In his January 5 commentary, Byron York advocates a wait-and-see-the-evidence approach to the hyped-up Russian hacking scandal. But does he really expect believable evidence from our so-called “intelligence community?”
On March 12, 2013, National Intelligence Director James Clapper was asked by Ron Wyden, Democrat member of the Senate Intelligence Committee, if U.S. intelligence agencies collect data on American citizens.
Clapper replied: “No, sir...not wittingly.”
Subsequent leaks from Edward Snowden showed that the NSA was, in fact, collecting and storing bulk metadata of Americans’ phone records, and were able to capture email and Internet data as well.
On April 25, 2016, Clapper claimed that “the onset of commercial encryption has accelerated by seven years” because of Snowden’s leaks, having a “profound effect on our ability to collect, particularly against terrorists.”
There is no evidence jihadists altered their encryption tools in response to Snowden’s leaks.
On January 6, 2017, Clapper and associates released an assessment of Russian influence in which they “did not make an assessment of the impact that Russian activities had on the outcome of the 2016 election.” Yet they assess with “high confidence” that Russia’s activities intentionally favored Trump. How did they assess this? How can emails published by WikiLeaks be traced back through the Russian government?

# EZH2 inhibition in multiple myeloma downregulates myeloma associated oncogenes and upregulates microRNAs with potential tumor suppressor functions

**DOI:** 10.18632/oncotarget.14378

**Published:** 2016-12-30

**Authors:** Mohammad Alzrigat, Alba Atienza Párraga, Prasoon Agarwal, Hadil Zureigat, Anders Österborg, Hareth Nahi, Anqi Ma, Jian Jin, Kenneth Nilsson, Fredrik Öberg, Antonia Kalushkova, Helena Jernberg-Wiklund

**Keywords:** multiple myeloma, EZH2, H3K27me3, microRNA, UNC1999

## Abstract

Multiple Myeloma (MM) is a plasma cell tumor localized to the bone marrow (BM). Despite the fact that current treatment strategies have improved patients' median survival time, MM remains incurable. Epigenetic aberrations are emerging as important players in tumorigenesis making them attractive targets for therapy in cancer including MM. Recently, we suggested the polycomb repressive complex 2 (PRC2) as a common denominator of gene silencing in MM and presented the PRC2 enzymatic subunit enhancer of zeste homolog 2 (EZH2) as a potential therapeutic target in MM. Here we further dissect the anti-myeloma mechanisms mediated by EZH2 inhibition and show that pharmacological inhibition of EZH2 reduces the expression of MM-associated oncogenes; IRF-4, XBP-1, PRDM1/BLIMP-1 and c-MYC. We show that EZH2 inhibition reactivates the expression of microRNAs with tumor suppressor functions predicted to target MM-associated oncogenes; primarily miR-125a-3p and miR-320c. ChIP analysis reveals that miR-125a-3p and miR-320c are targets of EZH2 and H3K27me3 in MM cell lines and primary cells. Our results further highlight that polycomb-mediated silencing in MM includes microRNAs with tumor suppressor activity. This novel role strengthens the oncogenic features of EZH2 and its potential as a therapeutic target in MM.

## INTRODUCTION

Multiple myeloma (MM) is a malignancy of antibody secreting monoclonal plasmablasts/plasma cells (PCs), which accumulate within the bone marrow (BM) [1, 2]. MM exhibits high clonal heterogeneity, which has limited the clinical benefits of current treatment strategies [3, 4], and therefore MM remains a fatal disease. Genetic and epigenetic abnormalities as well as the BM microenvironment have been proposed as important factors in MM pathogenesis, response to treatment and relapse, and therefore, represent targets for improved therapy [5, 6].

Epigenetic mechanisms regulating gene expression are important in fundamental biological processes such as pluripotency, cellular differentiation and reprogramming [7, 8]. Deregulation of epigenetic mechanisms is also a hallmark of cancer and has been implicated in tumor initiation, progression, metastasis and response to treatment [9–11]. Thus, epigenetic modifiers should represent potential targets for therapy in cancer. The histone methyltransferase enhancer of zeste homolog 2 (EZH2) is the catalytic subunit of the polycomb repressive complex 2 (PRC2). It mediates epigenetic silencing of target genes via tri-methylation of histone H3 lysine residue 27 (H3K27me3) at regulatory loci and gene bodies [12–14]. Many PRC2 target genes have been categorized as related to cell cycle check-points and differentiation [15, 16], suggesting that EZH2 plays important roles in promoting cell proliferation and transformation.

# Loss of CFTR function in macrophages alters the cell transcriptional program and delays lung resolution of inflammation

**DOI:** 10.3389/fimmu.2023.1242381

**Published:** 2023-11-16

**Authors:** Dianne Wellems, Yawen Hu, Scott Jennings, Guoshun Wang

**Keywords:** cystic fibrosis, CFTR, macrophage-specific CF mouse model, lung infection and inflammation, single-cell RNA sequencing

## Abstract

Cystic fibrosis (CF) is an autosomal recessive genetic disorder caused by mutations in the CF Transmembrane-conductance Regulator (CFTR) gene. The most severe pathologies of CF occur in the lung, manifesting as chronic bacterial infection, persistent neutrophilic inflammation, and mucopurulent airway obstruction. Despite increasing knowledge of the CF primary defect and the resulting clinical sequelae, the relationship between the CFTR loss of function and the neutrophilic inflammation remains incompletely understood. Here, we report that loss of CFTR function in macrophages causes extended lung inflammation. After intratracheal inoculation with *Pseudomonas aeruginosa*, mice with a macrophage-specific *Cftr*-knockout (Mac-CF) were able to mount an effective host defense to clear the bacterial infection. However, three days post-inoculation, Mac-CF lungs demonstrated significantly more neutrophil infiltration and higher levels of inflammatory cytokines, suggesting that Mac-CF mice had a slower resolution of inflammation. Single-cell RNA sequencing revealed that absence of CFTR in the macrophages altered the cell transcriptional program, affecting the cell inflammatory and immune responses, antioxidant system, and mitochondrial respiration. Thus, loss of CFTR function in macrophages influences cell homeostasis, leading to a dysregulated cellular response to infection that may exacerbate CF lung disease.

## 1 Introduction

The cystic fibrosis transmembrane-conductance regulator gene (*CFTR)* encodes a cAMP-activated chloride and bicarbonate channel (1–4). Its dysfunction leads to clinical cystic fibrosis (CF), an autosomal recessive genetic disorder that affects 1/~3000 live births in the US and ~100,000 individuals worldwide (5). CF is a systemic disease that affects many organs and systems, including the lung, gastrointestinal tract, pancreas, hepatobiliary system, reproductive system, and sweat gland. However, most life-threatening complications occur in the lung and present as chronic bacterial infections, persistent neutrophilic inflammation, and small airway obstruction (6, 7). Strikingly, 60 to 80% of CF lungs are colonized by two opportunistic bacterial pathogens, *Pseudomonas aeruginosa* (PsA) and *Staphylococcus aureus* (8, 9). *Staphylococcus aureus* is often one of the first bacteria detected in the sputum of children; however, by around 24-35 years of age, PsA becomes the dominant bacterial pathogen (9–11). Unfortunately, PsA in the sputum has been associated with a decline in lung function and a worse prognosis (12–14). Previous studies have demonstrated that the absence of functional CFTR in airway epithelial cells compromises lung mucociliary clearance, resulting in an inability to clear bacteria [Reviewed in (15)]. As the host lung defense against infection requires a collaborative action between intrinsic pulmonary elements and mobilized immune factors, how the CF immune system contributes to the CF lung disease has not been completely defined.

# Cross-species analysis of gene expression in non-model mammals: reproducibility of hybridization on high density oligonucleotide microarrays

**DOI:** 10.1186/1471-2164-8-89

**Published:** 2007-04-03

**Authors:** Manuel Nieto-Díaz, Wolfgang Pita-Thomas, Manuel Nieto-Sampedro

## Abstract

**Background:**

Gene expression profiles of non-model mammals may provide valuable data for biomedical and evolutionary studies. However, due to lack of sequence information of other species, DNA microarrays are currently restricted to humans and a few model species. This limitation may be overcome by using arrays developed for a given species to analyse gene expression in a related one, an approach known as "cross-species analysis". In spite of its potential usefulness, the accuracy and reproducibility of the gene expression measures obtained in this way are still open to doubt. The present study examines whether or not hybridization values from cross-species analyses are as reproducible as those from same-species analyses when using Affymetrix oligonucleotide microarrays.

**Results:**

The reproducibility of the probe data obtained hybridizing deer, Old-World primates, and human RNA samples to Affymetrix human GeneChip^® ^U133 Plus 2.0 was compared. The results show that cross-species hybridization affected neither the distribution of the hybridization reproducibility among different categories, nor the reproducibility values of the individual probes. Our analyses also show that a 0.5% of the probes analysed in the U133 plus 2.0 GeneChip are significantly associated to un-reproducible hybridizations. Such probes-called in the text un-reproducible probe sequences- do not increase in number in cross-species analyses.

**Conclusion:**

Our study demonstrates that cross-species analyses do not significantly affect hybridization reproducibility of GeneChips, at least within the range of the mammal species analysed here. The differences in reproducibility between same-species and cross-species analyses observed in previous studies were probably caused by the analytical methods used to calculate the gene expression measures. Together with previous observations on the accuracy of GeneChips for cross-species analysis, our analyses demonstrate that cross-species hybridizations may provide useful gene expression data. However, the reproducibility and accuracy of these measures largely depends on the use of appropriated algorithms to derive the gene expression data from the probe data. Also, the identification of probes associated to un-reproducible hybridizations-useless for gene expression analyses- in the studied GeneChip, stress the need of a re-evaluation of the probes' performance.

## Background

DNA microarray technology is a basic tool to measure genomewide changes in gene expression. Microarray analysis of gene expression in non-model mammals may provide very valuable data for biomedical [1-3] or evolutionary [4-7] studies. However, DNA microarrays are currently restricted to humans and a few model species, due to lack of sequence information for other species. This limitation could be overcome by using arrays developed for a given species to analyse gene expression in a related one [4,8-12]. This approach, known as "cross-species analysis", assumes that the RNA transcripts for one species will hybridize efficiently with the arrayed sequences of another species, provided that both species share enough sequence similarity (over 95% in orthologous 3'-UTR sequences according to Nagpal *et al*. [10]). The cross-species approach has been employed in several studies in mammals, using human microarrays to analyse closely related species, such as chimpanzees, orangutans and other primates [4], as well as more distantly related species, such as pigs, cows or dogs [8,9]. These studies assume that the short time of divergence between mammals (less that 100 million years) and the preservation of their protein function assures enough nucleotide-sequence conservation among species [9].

Bigly secret. Can’t say.
It’s always a good idea to read the small print: “High confidence in a judgment does not imply that the assessment is a fact or a certainty; such judgments might be wrong.”
I assess with high confidence the overseer of our intelligence services is highly politicized.
It is possible the Russians influenced the election by exposing the deceit and ineptitude of the Clinton campaign via WikiLeaks. Meanwhile, the cuckoo-for-Clinton NY Times and Washington Post may have influenced the election by sidelining Sanders, printing only negative stories about Trump, and ignoring the embarrassing emails that show collusion between the Clinton camp and media.
And now the election has been duly influenced, Hillary supporters applaud war hawks McCain and Graham for demonizing the Russians. Strange days, indeed.
Has the great success of Hillary Clinton’s “Russian Reset” (AKA “Russian Overcharge”) been so soon forgotten? If the Russians are, as Romney claimed, “our number one geopolitical foe,” would it not have been better for Trump if the Russians had simply endorsed Clinton?